At the Unviersity of Toledo in Ohio tonight, student activists will argue in favor of a resolution to divest from US companies profiting from Israeli violations of Palestinian rights.
But the university administration is mandating that they must do so in a “closed meeting,” preventing both the resolution’s supporters, opposition and the general public from hearing presentations to the student government.
The resolution voting process will also be done by secret ballot, meaning that the student body won’t be able to know how their representatives voted on the resolution.
Derek Ide, a student at the University of Toledo and the co-founder of the campus chapter of Students for Justice in Palestine (UT-SJP), told The Electronic Intifada that the decision to close the hearing and force secret balloting “harms transparency and democracy.”
In recent months, students collected hundreds of signatures on campus supporting the resolution.
Students have identified the University of Toledo’s investments in Cemex, Rolls-Royce, General Electric and Hewlett-Packard, which contribute to or profit from Israel’s violations of Palestinians’ rights.
The local Toledo Blade reports that the on-campus chapter of Hillel, a nationwide network of campus centers for Jewish students which opposes boycott and sanctions efforts, ”characterized the proposed action as an attempt to ‘isolate and delegitimize Israel.’”
Ide said that Hillel brought in the Jewish Federation of Toledo to lead the campaign to derail the divestment resolution. The group is affiliated with a national network called the Jewish Federations of North America (JFNA). In 2010, JFNA and the Jewish Council for Public Affairs launched the “Israel Action Network,” described as “a multimillion-dollar joint initiative to combat anti-Israel boycott, divestment and sanctions campaigns” and to fight “the delegitimizing of the State of Israel.”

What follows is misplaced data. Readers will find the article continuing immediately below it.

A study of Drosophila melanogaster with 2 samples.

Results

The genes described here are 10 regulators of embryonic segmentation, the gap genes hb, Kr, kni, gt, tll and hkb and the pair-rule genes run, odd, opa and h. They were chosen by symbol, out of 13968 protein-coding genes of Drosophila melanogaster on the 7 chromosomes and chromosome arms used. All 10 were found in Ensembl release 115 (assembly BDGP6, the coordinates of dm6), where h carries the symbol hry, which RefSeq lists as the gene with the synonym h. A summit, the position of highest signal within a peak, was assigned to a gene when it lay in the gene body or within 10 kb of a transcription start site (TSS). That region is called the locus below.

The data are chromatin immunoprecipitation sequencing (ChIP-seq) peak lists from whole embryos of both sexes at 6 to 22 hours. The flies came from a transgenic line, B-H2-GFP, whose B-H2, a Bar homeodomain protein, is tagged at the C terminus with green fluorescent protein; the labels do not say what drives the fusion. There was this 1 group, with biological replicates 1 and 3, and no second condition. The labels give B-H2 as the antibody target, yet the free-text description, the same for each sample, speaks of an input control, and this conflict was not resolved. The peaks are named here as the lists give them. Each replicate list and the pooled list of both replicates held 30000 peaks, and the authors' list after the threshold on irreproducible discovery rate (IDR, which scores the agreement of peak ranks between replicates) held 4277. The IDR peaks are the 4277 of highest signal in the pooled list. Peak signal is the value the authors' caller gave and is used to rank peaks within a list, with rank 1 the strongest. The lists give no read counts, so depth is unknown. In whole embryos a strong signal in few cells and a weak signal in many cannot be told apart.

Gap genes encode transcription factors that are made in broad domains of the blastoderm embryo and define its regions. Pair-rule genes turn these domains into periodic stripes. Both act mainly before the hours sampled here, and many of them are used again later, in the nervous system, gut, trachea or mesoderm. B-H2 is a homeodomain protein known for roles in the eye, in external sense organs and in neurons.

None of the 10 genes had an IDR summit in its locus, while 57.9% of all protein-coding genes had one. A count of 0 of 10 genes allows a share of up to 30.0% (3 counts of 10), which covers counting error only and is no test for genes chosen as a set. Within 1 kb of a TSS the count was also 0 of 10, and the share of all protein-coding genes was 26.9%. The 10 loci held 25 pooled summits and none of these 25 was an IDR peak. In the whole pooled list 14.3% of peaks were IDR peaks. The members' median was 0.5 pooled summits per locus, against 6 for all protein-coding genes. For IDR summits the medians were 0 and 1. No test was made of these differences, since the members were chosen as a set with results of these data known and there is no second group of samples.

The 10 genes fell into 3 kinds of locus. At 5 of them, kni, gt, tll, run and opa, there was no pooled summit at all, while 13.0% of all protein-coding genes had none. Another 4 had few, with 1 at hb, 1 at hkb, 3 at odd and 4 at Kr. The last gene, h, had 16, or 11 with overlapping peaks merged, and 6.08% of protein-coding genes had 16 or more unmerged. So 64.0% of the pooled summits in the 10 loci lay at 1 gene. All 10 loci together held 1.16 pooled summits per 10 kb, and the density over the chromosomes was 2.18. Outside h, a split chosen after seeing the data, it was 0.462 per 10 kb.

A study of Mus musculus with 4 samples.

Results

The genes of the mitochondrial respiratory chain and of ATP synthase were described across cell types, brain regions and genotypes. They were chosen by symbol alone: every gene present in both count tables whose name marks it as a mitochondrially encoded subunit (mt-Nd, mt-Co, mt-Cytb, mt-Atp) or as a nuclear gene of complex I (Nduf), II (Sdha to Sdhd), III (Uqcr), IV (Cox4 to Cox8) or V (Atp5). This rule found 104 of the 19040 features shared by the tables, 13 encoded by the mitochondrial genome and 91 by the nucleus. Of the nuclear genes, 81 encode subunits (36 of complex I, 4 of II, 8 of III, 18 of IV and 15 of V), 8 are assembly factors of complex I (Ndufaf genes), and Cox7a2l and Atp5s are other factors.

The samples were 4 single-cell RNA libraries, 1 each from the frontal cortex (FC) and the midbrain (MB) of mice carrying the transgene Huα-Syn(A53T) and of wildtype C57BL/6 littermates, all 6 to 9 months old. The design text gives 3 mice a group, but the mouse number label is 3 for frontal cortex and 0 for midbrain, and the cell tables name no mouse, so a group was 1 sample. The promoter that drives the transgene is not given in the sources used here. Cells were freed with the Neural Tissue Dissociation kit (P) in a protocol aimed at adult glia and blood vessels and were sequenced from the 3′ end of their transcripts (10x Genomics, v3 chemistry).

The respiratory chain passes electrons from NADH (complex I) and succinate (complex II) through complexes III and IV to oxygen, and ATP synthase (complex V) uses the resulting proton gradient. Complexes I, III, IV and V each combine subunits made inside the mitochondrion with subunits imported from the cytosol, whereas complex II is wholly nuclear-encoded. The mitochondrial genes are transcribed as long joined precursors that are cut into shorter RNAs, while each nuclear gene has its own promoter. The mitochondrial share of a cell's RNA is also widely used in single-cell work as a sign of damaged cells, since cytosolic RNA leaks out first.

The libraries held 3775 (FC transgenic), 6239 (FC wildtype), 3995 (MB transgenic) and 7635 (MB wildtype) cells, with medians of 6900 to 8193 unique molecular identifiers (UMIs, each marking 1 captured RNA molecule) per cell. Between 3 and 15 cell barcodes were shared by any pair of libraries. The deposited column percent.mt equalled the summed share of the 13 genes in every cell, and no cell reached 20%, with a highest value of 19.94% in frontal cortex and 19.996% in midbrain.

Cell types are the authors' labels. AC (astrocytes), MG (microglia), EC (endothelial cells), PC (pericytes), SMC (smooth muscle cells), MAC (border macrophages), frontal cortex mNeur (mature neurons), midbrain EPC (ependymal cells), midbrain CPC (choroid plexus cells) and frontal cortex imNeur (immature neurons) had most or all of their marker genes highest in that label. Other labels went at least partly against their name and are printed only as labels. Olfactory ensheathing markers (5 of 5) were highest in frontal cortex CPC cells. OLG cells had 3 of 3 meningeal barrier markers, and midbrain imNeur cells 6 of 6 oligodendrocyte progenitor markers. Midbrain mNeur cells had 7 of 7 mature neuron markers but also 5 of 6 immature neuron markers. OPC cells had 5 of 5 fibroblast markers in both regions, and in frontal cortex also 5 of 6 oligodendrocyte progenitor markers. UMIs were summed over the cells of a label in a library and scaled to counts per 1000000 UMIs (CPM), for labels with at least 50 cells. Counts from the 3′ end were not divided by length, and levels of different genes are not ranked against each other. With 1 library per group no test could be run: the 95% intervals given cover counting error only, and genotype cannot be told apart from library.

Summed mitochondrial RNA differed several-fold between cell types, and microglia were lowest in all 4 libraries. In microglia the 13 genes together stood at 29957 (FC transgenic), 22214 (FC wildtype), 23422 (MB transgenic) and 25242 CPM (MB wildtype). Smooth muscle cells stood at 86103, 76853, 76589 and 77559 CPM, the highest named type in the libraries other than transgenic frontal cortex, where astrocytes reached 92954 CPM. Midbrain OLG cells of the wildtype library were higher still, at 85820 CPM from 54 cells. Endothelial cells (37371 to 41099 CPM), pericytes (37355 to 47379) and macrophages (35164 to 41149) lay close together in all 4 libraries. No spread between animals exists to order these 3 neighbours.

Earlier this week, the student government announced that two of the five speakers against the divestment resolution would be non-student representatives of the Jewish Federation of Toledo. But by this morning, Ide told The Electronic Intifada it was decided that non-students will not be able to engage in the “open floor” presentations.
By only allowing five representatives each from UT-SJP and Hillel to speak at the closed hearing, Ide said that the administration has implied that divestment is a religious conflict instead of a human rights issue. “They present[ed] an image of two equal and opposing viewpoints,” Ide said, ignoring SJP’s alliance with a diverse array of students and campus groups.
In a letter sent Monday to UT-SJP, Hillel and members of the Jewish Federation, seen by The Electronic Intifada, student body president Clayton Notestine states that the student government and the administration decided to limit the meeting to avoid “increasing the chances for violent protest, talking over speakers, and putting stress on an already contentious issue.”
This morning, UT-SJP posted on Facebook: “Today is the day for social justice to flourish at our university. Despite the obstacles set in our way by administration, by student government, and by outside interference, we still feel confident that our divestment resolution will win a majority of votes in Student Government. In order to help ensure this happens, we need you to be present TONIGHT!”